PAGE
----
Sunday, February 10, 2013

Multiculturalism is not simply a juxtaposition of differing cultures.
It is a culture in it's own right, with it's own central principles to which participant cultures agree to submit.
Participant cultures are rarely by origin multicultural. Often it requires certain adaptations on part of the cultural adherents for a culture to become compatible with a multicultural society.
There is a vaguely defined and arbitrary distinction between public and private, a line that may be drawn differently in different multicultural societies, which requires cultures to cede the public realm to a common neutral ground.
Incompatible cultures which are reluctant to adapt, especially when the incompatibility is seen as a reflection of authenticity, and/or are reluctant to cede the public sphere, would come to see multiculturalism as a threat and they would in turn become a threat for the multicultural culture.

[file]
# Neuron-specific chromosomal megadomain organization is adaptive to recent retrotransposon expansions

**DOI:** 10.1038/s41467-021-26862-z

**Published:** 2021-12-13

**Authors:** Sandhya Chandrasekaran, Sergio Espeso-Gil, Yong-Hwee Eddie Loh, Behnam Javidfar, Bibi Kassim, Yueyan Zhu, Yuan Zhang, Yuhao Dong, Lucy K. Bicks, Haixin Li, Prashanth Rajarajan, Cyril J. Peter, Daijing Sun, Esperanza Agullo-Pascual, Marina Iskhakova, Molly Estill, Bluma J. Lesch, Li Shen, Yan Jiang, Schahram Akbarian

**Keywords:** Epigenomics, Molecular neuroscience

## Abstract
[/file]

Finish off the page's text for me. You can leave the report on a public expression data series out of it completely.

3 comments:

Alex H Swift said...

All 'multicultural' societies existing at present have a dominant culture. A truly multicultural society is an ideal still.

Brett Dackiewicz said...

celebrate what makes the similar, not what makes us different.

Mohammed Mohsin said...

A brief but honest assessment on multiculturalism. Well done!

Multiculturalism can truly be fruitful to society only if all participating and prevailing cultures in that society adapt to meet each others needs.

I fear, however, that all it ends up doing in the end is to excuse otherwise abhorrent actions - female genital mutilation, forced marriages - as a person's culture that should be respected and tolerated by society.